Like most Parisians, I rushed out of my small apartment as soon as I could, ready for freedom and direct sunlight. This summer, I’ve been spending a lot of time outdoors, hoping to never be subjected to lockdown again. It’s a strange new world out there, with an extreme lack of tourists, and I’ve attempted to capture a bit of this period in photos.

All of these photos were taken in Paris between May 11 and August 12.

Reclaiming Freedom

young people lined up, sitting all along Canal Saint Martin on a sunny day
May 15—Canal Saint-Martin: Flocking outside just days after being released from confinement
people playing pétanque outdoors
May 15—Playing pétanque (the French version of bocce)
people gathering outside of a bar in the street during Covid
June 2—A view from my window: What is social distancing?

Navigating New Rules and New Systems

patrons ordering food outside of restaurant in Paris
May 23—Some restaurants and bars reopened, but didn’t allow customers in, blocking the doorways with tables and chairs
outdoor seating on the sidewalks of Paris during Covid
June 3—Taking over the sidewalks
outdoor seating at Paris restaurants in the streets of Paris
June 16—Taking over the streets; Paris relaxed rules and allowed restaurants and bars to expand their outdoor seating
QR code on table to access restaurant menu
August 6—QR Codes on tables, starting to replace paper menus
every other fitting room blocked off with tape in a clothing store
August 6—Clothing stores either no longer allow customers to try on clothes or have closed some of the fitting rooms

Getting Around

hand sanitizer container placed at a bus stop in Paris
June 1—Hand sanitizer distributor at a bus stop, probably empty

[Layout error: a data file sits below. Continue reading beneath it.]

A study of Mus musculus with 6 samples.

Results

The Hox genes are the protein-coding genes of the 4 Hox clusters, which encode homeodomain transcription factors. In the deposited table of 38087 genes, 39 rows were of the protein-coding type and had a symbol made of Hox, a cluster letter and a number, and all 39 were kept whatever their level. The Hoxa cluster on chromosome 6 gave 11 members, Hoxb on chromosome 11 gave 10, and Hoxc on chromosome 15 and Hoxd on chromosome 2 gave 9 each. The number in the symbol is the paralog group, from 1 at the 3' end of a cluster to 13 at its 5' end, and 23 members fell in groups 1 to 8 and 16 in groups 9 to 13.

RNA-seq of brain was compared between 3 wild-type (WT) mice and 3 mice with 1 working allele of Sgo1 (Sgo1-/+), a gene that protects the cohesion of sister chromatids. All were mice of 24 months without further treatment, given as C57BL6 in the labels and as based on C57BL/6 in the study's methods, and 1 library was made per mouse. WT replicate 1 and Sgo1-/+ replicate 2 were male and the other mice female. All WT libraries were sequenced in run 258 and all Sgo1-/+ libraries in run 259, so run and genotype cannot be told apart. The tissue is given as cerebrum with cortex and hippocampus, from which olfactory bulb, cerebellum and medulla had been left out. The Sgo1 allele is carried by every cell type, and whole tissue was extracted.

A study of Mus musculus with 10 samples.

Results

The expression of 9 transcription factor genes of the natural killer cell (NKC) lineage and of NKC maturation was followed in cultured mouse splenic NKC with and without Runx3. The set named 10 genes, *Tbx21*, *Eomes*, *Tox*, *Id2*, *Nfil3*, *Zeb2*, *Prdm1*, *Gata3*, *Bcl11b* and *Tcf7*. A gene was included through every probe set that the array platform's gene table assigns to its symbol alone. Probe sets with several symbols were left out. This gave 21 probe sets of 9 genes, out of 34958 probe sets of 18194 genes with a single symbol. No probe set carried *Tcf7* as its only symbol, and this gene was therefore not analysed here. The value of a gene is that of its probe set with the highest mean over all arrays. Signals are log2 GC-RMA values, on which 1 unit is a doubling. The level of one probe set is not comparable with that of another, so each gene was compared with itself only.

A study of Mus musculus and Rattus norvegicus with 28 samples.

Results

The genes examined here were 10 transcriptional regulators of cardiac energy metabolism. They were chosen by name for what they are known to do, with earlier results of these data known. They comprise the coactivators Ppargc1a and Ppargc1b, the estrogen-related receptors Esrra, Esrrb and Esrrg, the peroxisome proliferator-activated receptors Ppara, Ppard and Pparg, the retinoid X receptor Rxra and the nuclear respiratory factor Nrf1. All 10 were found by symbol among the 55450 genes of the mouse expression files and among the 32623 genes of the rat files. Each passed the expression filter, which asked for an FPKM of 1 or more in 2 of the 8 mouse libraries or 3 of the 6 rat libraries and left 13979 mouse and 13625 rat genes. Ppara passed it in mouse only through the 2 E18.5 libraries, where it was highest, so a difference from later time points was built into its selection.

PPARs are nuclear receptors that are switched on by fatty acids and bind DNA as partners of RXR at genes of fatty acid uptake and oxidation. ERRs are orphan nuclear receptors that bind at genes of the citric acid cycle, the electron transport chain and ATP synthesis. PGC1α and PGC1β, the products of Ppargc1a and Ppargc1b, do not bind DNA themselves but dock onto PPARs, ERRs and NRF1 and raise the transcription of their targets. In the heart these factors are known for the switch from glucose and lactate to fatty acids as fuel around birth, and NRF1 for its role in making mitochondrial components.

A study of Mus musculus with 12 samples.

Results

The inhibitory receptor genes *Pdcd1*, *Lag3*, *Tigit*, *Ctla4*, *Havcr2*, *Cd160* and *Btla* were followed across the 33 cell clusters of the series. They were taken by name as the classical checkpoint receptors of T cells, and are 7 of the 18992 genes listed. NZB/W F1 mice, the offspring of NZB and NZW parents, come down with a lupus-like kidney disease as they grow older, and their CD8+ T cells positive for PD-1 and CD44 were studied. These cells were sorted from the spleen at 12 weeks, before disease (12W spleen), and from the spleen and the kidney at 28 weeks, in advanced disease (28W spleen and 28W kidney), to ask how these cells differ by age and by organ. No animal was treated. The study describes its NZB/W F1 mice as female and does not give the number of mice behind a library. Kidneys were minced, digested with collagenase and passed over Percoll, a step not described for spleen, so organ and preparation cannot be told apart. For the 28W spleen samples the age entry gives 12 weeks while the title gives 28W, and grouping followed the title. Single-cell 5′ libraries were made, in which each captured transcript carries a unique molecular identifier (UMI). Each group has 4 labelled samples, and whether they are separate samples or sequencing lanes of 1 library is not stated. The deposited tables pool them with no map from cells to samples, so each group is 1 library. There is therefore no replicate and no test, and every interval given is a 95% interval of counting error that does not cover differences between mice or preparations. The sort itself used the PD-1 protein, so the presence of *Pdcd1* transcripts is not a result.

• arrows on the ground of the metro station to encourage flow of people
  • white markings on the ground of the metro stop to encourage spacing between people
  • stickers on the floor of the metro car to encourage spacing between people
  • stickers telling people not to sit on the metro in Paris
pedestrian walkways expanded into the street in Paris
July 15—Sidewalk expansion for the pedestrian flow
new bike lines created on Rue de Rivoli
July 22—Bike lane expansion on Rue de Rivoli

Running Errands

white lines on the ground for spacing and queue outside the post office
May 14—Waiting outside the post office
blue lines on the ground for spacing outside of a building in Paris
June 3—Lines for social distancing can be found outside many buildings
  • plastic sheets hanging out stands at the open air market in Paris
  • metal barriers surrounding an open air market in Paris to control crowds
  • plastic barrier wrapped around stands at the open air market in Paris
  • red lines on the ground for spacing and plastic sheets in hanging in front of cashiers at the grocery store
  • permanent clear barriers installed in front of cashiers at the grocery store

Paris? Is That You?

two people sitting in long grass in the Parc des Buttes-Chaumont
June 16—A less manicured Paris
only a few pedestrians on Rue de Rivoli in the middle of the afternoon
July 22—The busy Rue de Rivoli in the middle of the afternoon
  • empty space in front of the Louvre museum on a sunny afternoon
  • a short line to wait at the entrance to the Louvre pyramid
empty seats at Église de Saint Germain des Prés
July 22—Église de Saint Germain des Prés
empty and spaced out chairs at Église Saint-Sulpice
July 22—Église Saint-Sulpice
outdoor restaurant seating in Paris with colorful flowers and blue umbrellas
August 7—Hand sanitizer at every table… for all the customers

Want clarification on anything? Drop your questions below!

Ready to ready about Confinement 2.0?

Paris: Deconfined and Sans Touristes

  • September 7, 2020 at 3:11 pm

    I love going to Paris in August, it is so much quieter than usual as most of the Parisians are away… This year must have been even more empty with very little tourists and the Parisians enjoying the ‘déconfinement’ in the South or the French countryside! It might actually have been the quietest month of August Paris has ever had! Thanks for sharing your pictures and experience!

    • September 10, 2020 at 9:50 am

      I agree! Paris in August can be awesome, but it’s definitely a weird feeling when you arrive in a touristy spot and find hardly anyone at all. This wasn’t your average summer in Paris!